Antiretroviral drugs can protect people from becoming infected by HIV. But so-called pre-exposure prophylaxis, or PrEP...
Two studies show that eating a diet low in protein and high in carbohydrates is linked to a longer, healthier life, and...
Considered an icon of conservation science, researchers at World Wildlife Fund (WWF) headquarters in Washington, D.C.,...
The new atlas, which shows the distribution of important trace metals and other substances, is the first product of...
Early in April, the first of a fleet of environmental monitoring satellites will lift off from Europe's spaceport in...
Since 2000, U.S. government health research agencies have spent almost $1 billion on an effort to churn out thousands...
26 January 2000 6:00 pm
Researchers are planning to debate a controversial theory on the origin of AIDS. The United Kingdom's Royal Society will host a meeting in London in May to explore the contentious idea that HIV entered humans through a contaminated polio vaccine tested in Africa in the 1950s. The thesis, which received a flurry of attention in 1992 following an article in Rolling Stone, last year became a hot topic again when British journalist Edward Hooper published The River, a weighty tome on the subject.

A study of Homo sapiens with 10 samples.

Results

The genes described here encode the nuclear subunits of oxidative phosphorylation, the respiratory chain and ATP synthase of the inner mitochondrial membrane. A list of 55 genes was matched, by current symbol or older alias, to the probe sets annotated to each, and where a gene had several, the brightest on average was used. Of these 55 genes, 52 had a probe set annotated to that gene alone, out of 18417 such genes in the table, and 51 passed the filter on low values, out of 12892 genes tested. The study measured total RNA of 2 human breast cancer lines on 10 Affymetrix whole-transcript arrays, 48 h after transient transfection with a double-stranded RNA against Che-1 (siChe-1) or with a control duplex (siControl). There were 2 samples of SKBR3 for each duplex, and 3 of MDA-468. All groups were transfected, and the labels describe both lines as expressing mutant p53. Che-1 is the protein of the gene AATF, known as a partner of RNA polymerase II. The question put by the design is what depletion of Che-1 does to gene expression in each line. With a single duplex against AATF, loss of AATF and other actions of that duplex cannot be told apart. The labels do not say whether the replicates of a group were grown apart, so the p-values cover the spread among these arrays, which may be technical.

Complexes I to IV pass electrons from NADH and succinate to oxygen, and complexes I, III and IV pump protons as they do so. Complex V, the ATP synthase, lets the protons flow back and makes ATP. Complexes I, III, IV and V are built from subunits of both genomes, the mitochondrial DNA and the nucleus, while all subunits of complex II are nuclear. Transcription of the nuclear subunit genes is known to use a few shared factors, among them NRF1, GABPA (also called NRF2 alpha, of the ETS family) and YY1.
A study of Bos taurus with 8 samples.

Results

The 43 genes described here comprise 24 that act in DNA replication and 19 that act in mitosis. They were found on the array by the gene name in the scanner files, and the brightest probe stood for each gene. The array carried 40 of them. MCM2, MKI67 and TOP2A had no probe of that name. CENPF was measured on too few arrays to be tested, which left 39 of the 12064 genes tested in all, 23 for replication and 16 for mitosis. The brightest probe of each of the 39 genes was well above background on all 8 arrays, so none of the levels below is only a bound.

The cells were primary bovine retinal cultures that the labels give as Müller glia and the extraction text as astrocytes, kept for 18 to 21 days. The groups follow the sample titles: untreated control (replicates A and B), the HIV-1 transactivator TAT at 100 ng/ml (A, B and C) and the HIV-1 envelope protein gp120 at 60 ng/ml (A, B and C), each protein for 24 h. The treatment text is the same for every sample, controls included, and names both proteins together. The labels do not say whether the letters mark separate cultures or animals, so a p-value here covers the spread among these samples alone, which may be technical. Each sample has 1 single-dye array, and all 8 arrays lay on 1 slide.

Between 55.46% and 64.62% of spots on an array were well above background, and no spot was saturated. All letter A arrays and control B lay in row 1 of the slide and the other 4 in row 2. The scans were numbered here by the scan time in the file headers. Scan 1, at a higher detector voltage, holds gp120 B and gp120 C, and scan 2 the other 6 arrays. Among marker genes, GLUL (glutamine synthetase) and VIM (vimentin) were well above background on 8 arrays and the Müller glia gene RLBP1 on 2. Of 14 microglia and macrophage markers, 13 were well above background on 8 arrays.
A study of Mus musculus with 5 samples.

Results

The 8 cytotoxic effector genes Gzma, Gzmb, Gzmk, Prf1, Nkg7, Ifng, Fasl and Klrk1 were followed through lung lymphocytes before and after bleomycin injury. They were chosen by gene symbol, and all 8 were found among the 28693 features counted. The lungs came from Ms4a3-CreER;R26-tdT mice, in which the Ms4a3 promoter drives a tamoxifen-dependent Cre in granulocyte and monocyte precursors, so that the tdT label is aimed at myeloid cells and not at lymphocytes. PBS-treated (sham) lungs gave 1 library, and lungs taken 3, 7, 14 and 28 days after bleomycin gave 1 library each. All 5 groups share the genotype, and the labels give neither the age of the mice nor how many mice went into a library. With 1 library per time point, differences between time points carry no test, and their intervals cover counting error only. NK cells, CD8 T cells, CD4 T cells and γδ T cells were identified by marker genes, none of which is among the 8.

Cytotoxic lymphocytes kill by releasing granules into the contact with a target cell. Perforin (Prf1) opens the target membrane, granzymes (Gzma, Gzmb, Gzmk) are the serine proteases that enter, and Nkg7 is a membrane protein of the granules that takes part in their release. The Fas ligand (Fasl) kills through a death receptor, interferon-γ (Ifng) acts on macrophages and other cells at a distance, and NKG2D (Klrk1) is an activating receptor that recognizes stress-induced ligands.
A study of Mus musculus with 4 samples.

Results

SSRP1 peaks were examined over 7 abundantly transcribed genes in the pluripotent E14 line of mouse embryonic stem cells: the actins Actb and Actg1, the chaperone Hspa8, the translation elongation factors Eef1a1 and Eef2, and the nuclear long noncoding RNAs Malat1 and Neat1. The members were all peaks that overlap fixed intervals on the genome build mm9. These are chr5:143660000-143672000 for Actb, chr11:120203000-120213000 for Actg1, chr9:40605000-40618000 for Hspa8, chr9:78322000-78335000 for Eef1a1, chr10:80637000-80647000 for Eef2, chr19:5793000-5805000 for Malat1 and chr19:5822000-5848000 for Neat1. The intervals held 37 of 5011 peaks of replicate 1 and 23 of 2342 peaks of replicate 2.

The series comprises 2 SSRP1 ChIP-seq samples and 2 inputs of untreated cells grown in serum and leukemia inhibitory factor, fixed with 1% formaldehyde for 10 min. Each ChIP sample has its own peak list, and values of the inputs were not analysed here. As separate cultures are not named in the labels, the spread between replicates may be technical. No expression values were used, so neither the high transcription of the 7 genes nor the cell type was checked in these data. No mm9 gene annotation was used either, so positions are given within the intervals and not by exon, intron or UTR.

The meeting, proposed by Simon Wain-Hobson, an AIDS researcher at the Pasteur Institute in Paris, will examine the notion that HIV or one of its simian cousins infected the primate cells used to manufacture an oral polio vaccine developed by Hilary Koprowski, then head of the Philadelphia-based Wistar Institute. An independent scientific panel convened by Wistar concluded in 1992 that there was an "extremely low" probability that the theory was correct, but Hooper and other critics say the panel failed to make a convincing case.
Wain-Hobson hopes that if Hooper, Koprowski, and other key players agree to attend the meeting, they can clarify the scientific issues. "Discussion is better than a year's worth of invective delivered at arm's length," Wain-Hobson says.